Photo Credit: StateofIsrael via Flickr
Doors of the Church of the Holy Sepulchre in the Old City of Jerusalem

The Roman Catholic, Greek Orthodox and Armenian church leaders in Jerusalem on Sunday announced the closure of the Church of the Holy Sepulcher until further notice, in protest against a pending Knesset legislation allowing the state to expropriate land that the churches have sold to Jewish real estate companies since 2010.

At a press conference in the Old City the church leaders warned that the bill that is being discussed Sunday by the Ministerial Committee for Legislation is a violation of their rights.


In recent years, the churches have sold to private companies land that had been leased in the middle of the 20th century for 99 years to the Jewish National Fund and to other entities. As a result, many residents who live in these areas—which include some of Jerusalem’s most prestigious neighborhoods, such as Talbiya (Komemiut), Rehavia, and Nayot—may be required to pay large sums of money in order to extend their lease, or to return the land and their homes to the churches.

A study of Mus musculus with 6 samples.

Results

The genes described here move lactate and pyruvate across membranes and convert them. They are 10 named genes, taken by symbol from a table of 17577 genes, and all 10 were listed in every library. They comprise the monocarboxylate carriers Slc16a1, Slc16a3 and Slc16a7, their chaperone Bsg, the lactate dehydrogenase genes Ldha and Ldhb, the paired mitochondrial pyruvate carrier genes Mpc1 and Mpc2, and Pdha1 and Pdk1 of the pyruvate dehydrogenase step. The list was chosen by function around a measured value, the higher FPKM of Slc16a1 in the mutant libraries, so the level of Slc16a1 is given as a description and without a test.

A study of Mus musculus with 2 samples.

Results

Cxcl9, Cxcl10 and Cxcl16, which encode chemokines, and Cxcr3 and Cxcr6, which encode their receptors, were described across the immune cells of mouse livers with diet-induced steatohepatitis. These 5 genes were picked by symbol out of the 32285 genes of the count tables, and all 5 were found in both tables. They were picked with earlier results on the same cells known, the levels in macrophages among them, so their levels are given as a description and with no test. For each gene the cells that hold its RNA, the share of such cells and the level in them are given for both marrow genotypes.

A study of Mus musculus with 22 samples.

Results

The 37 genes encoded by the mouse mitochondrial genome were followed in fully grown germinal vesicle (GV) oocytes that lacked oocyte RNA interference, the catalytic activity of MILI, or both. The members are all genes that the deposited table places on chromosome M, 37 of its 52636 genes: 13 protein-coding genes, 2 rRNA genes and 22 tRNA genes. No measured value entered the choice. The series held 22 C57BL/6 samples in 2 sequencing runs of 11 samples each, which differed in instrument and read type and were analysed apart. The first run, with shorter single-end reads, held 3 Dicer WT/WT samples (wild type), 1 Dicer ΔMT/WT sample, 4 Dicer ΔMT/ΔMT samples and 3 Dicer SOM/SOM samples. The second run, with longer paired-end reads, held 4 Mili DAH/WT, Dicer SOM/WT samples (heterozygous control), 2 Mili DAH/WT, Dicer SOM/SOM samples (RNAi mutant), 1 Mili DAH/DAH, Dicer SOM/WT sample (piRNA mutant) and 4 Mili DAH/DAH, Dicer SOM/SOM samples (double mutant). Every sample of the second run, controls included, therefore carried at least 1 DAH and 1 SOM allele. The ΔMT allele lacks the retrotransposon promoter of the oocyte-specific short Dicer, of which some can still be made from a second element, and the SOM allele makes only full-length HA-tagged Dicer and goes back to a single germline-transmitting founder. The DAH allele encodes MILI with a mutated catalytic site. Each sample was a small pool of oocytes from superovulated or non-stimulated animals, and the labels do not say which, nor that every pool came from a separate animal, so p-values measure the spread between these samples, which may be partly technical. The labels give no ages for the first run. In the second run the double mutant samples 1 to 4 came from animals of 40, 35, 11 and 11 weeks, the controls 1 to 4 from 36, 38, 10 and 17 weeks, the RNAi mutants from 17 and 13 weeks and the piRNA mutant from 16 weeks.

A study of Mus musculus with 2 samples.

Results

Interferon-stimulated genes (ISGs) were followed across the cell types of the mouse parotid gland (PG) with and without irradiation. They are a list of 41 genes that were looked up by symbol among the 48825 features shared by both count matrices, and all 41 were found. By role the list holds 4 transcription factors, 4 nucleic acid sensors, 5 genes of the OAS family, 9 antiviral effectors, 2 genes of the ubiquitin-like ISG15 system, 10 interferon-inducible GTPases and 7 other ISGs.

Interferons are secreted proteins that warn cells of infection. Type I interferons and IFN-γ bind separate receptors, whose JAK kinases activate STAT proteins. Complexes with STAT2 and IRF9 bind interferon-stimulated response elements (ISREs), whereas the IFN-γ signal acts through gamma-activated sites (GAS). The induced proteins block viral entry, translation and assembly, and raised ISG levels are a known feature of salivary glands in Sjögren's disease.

The bill explains that there are thousands of families in Jerusalem who stand to lose their homes (and the borrowing power they represent) without government intervention.

According to the bill, any land that meets the criteria and was sold to private entrepreneurs after January 1, 2010, will be transferred to state ownership, the rights of the entrepreneurs will be revoked, and their rights in the Land Registry will be erased – in return for compensation from the State according to a calculation to be determined by the Minister of Finance with the approval of the Knesset Constitution, Law and Justice Committee.

Theophilos III, the Patriarch of Jerusalem, Francesco Patton, the Custos of the Holy Land, and Nourhan Manougian, the Armenian Patriarch of Jerusalem, issued a statement declaring that “this abhorrent bill … if approved, would make the expropriation of the lands of churches possible.”

Not really. The new law would simply make sure the churches aren’t facing individual homeowners when the time comes for renewing the 99-year option on their lease, but instead they’d be doing business with the state, which is out to protect the same homeowners.

The church leaders are also protesting the fact that the Jerusalem municipality no longer exempts their commercial ventures (as opposed to their religious services) from real estate taxes. Jerusalem Mayor Nir Barkat tweted in response: “Let me make it clear: we are not talking about houses of worship, who will still be exempt from property tax, according to law.”